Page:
Understanding foreclosures and short sales
People are often intrigued with the idea of buying foreclosed properties or “short sales” to get a home at below market price. However, the process of buying these homes can be complex. Here’s a quick primer on what to know about the foreclosure or short sale process.
There are currently 19 single family homes in the Metrowest suburbs listed in the MLS as foreclosed properties. That is, homes that have been taken over by the lender because the homeowner defaulted on their loan. Buying a home that’s been foreclosed on is very different from buying a home from an individual.
* Buyer beware. First, most lenders have very little information about the home’s history and are selling the property without providing any warranties or disclosures about the home’s condition. They do not know the age of the roof or furnace, for example, or have knowledge of other issues that affect the home’s material value. It’s entirely up to you and your advisors (buyer’s agent, home inspector, etc.) to determine the condition of the home.
* As-is condition. Although banks will allow you to conduct a home inspection on a foreclosed property, they usually will not provide credits for inspection items uncovered. In other words, you’re entitled to conduct an inspection and back out of the purchase if your inspector uncovers major problems in the home. However, the lender will not make repairs or provide any credits for the inspection items found. Your choice at that point is to go forward or back out of the purchase.
* Deferred maintenance. Since foreclosed properties have often been vacant for awhile, small repair issues tend to go unnoticed and can easily become bigger concerns. While some foreclosed homes are in good condition, we’ve seen plenty that are suffering from pest infestations, mold, or other problems because normal maintenance has not been done.
* One-sided agreements. “Most P&S agreements involving bank owned properties are one sided in favor of the lender and buyers are not allowed to make changes,” says Attorney Julie Picardi. “It is important that a buyer hire an attorney to review the agreements and explain the provisions so they know exactly what they are getting into. For example, there are generally provisions in these agreements that result in a daily penalty amount if the buyer is unable to close as scheduled, yet the seller is not penalized for any delays.”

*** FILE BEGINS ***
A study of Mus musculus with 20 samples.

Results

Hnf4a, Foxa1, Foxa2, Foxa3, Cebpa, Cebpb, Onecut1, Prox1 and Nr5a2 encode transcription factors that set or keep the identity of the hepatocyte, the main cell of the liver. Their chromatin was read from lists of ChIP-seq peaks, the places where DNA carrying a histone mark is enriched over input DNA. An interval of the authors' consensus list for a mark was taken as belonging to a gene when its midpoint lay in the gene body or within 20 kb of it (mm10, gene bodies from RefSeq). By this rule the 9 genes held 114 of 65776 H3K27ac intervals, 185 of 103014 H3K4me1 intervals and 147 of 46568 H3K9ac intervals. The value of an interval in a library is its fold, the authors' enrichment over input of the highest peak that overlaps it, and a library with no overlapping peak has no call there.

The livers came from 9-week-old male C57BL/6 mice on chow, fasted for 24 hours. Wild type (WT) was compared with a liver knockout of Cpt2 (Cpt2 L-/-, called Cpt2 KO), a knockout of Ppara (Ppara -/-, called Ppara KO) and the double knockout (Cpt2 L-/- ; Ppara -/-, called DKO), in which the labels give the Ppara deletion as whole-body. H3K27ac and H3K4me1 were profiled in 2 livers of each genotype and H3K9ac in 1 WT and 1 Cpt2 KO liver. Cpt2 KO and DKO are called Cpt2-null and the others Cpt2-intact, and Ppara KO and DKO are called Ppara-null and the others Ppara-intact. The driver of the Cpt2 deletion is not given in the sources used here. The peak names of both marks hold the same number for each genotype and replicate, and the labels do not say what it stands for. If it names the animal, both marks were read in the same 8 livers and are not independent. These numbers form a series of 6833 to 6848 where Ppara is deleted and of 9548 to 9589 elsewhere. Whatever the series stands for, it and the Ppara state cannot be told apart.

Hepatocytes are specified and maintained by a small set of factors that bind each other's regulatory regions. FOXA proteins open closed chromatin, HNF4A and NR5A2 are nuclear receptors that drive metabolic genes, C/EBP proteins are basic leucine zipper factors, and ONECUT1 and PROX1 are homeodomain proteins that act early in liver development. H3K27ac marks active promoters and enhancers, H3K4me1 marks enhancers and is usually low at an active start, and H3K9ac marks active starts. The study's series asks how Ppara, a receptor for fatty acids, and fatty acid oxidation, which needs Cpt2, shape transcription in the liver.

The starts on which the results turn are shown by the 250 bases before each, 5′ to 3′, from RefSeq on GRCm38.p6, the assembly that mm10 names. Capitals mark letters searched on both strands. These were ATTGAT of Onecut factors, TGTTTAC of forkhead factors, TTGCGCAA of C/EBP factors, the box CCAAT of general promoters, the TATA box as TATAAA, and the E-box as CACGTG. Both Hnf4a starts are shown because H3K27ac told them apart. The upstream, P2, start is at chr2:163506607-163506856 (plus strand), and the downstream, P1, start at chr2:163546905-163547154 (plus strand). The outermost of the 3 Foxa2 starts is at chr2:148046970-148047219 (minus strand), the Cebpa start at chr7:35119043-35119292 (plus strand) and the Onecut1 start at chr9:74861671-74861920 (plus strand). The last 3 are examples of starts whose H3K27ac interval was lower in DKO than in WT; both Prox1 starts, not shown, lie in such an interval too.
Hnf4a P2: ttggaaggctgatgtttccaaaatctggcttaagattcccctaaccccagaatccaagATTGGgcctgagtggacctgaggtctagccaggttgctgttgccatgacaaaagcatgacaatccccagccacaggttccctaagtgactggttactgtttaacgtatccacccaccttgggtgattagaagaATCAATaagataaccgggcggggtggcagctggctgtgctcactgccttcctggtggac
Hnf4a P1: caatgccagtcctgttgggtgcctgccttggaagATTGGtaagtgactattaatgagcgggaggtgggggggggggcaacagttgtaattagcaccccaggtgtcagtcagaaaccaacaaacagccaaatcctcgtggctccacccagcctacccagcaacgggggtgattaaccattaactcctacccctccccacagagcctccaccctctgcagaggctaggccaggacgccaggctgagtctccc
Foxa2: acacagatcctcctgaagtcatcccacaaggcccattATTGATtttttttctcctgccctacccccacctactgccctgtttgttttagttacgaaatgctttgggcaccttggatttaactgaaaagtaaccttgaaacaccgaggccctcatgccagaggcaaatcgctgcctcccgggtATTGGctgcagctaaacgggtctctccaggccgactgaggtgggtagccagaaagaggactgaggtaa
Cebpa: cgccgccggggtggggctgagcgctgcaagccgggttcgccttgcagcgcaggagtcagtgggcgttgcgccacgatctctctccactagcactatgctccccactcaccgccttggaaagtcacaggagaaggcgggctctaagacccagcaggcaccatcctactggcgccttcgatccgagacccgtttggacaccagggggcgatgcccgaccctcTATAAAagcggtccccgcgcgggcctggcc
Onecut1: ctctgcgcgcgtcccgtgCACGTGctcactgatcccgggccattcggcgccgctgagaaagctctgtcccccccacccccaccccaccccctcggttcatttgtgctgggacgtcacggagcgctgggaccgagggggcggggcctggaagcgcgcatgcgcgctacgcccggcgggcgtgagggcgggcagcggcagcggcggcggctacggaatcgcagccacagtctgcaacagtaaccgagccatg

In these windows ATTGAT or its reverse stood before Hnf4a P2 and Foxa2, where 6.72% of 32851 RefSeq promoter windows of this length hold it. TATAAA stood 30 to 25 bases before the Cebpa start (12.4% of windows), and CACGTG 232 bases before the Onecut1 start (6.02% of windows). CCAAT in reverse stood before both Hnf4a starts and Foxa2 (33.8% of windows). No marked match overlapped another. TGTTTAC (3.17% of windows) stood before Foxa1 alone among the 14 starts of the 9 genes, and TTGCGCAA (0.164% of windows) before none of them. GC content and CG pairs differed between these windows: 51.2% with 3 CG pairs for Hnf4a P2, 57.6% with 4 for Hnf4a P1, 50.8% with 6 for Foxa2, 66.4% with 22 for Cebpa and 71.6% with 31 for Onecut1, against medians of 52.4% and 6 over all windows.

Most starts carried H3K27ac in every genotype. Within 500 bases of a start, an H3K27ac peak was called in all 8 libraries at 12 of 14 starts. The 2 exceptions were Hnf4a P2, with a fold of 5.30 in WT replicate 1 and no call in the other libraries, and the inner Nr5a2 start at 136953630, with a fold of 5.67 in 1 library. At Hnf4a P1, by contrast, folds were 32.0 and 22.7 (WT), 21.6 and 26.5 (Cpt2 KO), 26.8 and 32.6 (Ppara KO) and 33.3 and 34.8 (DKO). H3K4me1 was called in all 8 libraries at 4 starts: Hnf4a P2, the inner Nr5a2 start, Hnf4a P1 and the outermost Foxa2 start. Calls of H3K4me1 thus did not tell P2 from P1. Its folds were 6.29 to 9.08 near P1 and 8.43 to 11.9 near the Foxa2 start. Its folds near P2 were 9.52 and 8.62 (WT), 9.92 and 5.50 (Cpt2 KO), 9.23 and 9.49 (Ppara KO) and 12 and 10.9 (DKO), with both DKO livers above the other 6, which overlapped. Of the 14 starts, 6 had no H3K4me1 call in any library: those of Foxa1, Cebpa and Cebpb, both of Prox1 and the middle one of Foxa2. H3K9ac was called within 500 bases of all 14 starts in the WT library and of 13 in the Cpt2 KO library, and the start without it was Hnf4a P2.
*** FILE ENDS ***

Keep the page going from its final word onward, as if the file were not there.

According to the Pew Research Center, nearly one in five U.S. homeowners owes more on their home than what it’s currently worth. That’s why we’re seeing more short sales occur. Essentially, a short sale is when the lender agrees to allow the homeowner to sell the home for less than what they currently owe on their loan. This enables the bank to recoup most of their money while avoiding the time and expense of foreclosing on the property. Buying a short sales can be a rather trying process for a number of reasons.
* As-is condition. Like with foreclosures, short sale properties are typically sold in as-is condition. Additionally, you’re often required to proceed with the home inspection and apply for a mortgage before you receive final approval from the lender(s). Thus, you may be investing money in home inspection and mortgage application fees before you even know if the lender will agree to the offer.
* Short sale approval. When buying a home that’s a short sale, you first need to get the homeowner’s approval of your offer to purchase, and then need to get the lender’s approval. Obtaining lender approval can be time-consuming. It’s not uncommon for it to take weeks or months before hearing back from the lender involved in the deal. In some cases the lender will never respond.
If the current homeowner owes money to more than one lender or creditor, this can make the process more complicated, since the various lienholders need to come to an agreement about how to apportion the home sale proceeds. Since all of the lienholders are getting less money than what they’re owed, getting them to come to an agreement is not an easy process. “These are complex transactions and professional assistance is a must,” says Attorney Picardi.
* Home purchase timeline. If the lender does agree to your offer to purchase, you’ll typically have a short window of time to close on the home. Many agreements require that the buyer close within 30 days of receiving final lender approval. If you need more notice to close on the home, a short sale may not be the best choice for you.Buying a short sale or foreclosed property can be worthwhile, but it’s a complex process. Be sure to have a real estate attorney working on your behalf to protect your interests. Having an attorney on your side who understands these situations will help make the home buying process a smooth one.
Follow http://blogs.wickedlocal.com/onthemove for the latest real estate tips. Have a real estate question? Contact Leslie Mann at email@example.com or 508-904-4967 and she'd be glad to answer your confidential questions here. Mann is a real estate agent with Hallmark Sotheby's International Realty in Hopkinton.